Listening to great pianists’ live concerts or recordings we naturally wonder what is the secret of their technical and artistic perfection which allows the music to unfold to the full. Few are those willing to disclose their personal piano practice principles and the stages they go through, from a work’s first reading to its public performance.
Questioned on this subject, Dinu Lipatti answers both modestly and to the point. On the few occasions he had to express himself, he thus outlines his exceptional and original approach: an overall evaluation is followed by an in-depth study on the technical level and only then by a personal expressive contribution, the pianist waiting quite a long time before either recording his final version or giving it on stage. That fact that he was able to assimilate any score so very easily didn’t stop him from always working, faithfully, on discovering the truth behind the notes. This explains both the perfection Lipatti reached and the relatively small number of works recorded or performed.
Between May 26th and June 16th, 1933 the second International Music Competition for Singing and Piano took place in Vienna. Lipatti’s participation at the competition and the subsequent second prize he won there stirred my interest towards the exact circumstances of this event in particular (participants, jury, historical backdrop) and, in general, towards a whole generation of pianists: the famous of the day and the hopeful talents. The ongoing comparisons among them were both usual and effective: Lipatti himself was announced in 1943 as a second Horowitz, who had an established status at the time.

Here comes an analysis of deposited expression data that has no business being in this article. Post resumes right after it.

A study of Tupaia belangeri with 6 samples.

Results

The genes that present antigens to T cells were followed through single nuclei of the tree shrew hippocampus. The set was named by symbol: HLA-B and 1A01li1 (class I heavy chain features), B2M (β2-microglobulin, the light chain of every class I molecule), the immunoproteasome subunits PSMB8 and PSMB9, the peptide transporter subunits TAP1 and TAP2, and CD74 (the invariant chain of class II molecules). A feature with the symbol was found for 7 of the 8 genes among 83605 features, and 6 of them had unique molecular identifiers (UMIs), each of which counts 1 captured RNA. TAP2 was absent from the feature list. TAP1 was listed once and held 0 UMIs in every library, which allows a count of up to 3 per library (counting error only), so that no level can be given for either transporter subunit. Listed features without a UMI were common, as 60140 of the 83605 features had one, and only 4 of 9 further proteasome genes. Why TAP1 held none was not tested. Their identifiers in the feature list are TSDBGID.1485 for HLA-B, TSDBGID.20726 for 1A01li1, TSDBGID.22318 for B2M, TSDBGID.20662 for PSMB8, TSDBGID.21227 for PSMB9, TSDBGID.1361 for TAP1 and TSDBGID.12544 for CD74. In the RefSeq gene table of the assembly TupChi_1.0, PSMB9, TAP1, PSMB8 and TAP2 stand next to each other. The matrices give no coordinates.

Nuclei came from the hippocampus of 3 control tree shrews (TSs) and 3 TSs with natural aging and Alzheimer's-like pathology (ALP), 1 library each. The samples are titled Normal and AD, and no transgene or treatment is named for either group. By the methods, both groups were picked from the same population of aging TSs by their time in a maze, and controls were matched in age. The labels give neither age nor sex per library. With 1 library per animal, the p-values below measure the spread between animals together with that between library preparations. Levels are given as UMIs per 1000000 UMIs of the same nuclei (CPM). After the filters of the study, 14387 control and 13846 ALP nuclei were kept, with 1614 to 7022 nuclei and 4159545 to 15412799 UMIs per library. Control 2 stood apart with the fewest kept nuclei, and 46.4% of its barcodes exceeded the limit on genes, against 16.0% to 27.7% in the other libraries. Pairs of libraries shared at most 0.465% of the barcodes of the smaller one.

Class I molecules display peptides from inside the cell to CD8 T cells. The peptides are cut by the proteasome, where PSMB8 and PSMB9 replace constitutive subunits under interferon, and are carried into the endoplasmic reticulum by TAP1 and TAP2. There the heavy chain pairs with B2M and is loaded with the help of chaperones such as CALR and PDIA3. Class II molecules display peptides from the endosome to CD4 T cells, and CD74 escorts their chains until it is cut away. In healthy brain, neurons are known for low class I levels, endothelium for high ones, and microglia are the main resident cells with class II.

How did Lipatti become the legendary musician we are celebrating today? In retrospect, one can notice a fortunate combination of talent, extraordinarily disciplined work and opportunity. In Lipatti’s case, his talent and striving efforts towards musical perfection have always been acknowledged. To illustrate the complex ensemble of events which shaped the course of what would become the Lipatti legend as a while, I set in the following study to explore two episodes of his biography: his participation at the 1933 Vienna International Piano Competition and his Berlin concerts, ten years later.
In a letter from 1949, Dinu Lipatti asked his mother to leave Romania and join him in Switzerland to nurse him. The Securitate (the secret police in Communist Romania) intercepted the letter and Anna Lipatti was arrested at the border. The paper presents a series of documents on Dinu Lipatti and his mother’s arrest, taken from the Securitate archives.
In Lipatti’s works we can detect a neo-romantic tendency (present in some of his piano pieces), a more distinct Romanian-oriented approach (adopted while under the guidance of his teacher Mihail Jora), a neoclassical line (as influenced by Bach’s music and by the pieces he comes in contact with through his Parisian experience) and a modern, European attitude, in keeping with his contemporaries Stravinsky and Bartók among others.
The works I focused on are representative of a first, Romanian-oriented period in Dinu Lipatti’s oeuvre, and of a certain creative maturity, subsequent to his studies in Paris. I drew a parallel between the Sonatinafor violin and piano and the Concertofor organ and piano in the light of the relationship Lipatti had with the distinguished musicians he dedicated these works to, Mihail Jora and Nadia Boulanger.
One of greatest pianists of all times, Dinu Lipatti’s other talents were rather shadowed by his fame as a performer. Lipatti the inspired composer therefore deserves, all the more, our attention. It is our duty and a matter of honour to identify, analyse and prepare the finest editions of these fine works, so as to offer them to both performers and public as a precious part of our artistic heritage.
The paper contains references to Dinu Lipatti’s compositions – print, manuscript, identified, or lost – and research is still in progress.